Allen Krietsch, former World War II POW and volunteer, dies at 90

Allen Krietsch, who was 90 when he died Allen Krietsch, who was 90 when he died at the Department of Veterans Affairs Medical Center in Northport July 23 of complications after a fall, lent an understanding ear to fellow World War II POWs battling feelings of anxiety, shame or guilt related to their wartime captivity. Photo Credit: Beth Krietsch


The East Northport resident, who was 90 when he died at the Department of Veterans Affairs Medical Center in Northport July 23 of complications after a fall, lent an understanding ear to fellow World War II POWs battling feelings of anxiety, shame or guilt related to their wartime captivity.

"Believe me, coming home as a POW is mind boggling," said Stephen Kirtyan, 90, of Malverne, a fellow World War II captive whom Krietsch recruited into the Long Island chapter of American Ex-Prisoners of War about 15 years ago while helping Kirtyan fill out VA paperwork. "You're ashamed of having been captured. But Allen probably went through what I went through."

"We talked," Kirtyan said. "He meant quite a bit to me, having the camaraderie of someone who went through the same thing you did."

Fellow POWs said Krietsch was a driving force with the POW organization. He was also an eager volunteer at the medical center, informing veterans of medical and disability benefits some had been ignorant of for more than 50 years.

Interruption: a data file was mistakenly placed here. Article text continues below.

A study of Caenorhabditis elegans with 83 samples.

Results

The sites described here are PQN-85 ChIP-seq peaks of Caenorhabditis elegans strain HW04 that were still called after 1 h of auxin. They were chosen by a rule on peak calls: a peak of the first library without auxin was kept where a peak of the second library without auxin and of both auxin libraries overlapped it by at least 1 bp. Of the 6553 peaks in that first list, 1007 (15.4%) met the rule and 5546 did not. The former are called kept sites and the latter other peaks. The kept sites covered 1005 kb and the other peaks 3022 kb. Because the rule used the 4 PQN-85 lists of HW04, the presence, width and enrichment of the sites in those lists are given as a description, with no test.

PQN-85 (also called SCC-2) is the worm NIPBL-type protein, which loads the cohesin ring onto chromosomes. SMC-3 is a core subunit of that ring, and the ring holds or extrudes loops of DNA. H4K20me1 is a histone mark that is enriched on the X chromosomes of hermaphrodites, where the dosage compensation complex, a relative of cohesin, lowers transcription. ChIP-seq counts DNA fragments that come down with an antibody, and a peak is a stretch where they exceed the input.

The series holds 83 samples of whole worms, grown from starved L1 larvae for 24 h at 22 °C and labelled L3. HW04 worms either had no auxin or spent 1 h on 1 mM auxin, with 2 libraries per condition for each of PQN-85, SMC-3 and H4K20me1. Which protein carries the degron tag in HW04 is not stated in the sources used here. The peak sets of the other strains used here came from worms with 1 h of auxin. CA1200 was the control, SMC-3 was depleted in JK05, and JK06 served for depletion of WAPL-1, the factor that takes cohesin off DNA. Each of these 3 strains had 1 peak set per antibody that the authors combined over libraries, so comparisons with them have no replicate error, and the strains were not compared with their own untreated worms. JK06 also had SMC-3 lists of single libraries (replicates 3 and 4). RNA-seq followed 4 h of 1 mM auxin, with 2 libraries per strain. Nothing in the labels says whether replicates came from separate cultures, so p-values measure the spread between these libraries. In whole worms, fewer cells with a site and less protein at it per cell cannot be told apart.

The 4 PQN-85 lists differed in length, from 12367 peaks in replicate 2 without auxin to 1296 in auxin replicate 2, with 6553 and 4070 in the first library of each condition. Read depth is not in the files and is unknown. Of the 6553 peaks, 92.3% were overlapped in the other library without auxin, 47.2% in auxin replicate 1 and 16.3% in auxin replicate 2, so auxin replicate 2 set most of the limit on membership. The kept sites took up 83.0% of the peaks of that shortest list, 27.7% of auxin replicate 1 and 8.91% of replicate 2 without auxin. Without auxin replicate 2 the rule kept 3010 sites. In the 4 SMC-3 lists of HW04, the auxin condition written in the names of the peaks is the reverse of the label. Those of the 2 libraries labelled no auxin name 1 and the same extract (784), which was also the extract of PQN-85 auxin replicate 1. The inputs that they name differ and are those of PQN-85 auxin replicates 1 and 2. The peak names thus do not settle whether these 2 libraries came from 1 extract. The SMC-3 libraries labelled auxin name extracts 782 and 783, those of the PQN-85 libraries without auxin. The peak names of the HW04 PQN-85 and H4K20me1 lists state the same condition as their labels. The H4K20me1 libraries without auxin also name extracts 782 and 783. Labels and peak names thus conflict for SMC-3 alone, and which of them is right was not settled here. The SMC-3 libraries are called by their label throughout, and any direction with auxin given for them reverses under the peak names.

But as have many of the estimated 10,000 remaining World War II POWs -- all near 90 or older -- Krietsch kept the painful memories of survival as a Nazi prisoner mostly to himself until the last years of his life.


"You were miserable all the time," Krietsch said of the fear, hunger, filth and despair of his year in captivity. "I never thought I'd get home again."

"I'm talking about it to you more than I talk about it to my family," Krietsch said.

Born in Oldenburg, Germany, he immigrated to Staten Island before he was 2.

Drafted in 1943, Krietsch was among paratroopers of the 505th Infantry Regiment, 82nd Airborne Division who dropped into the predawn darkness during the June 6, 1944, D-Day invasion of Normandy, France.


Krietsch was liberated by Soviet troops on April 25, 1945, and married Anne Augustine, a prewar co-worker of his at the U.S. Radium Corp., four months later. They moved to East Northport in 1955, raising three children. He began volunteering at the VA Medical Center after his 1985 retirement from a wholesale flower business he ran in Maspeth, Queens.

Survivors include sons Christopher Krietsch, of East Northport, and Geoffrey Krietsch, of Queens Village; and a sister, Ellie Peterson, of Kingwood, Texas. Krietsch was buried at Long Island National Cemetery, in Farmingdale. His wife died in 2011.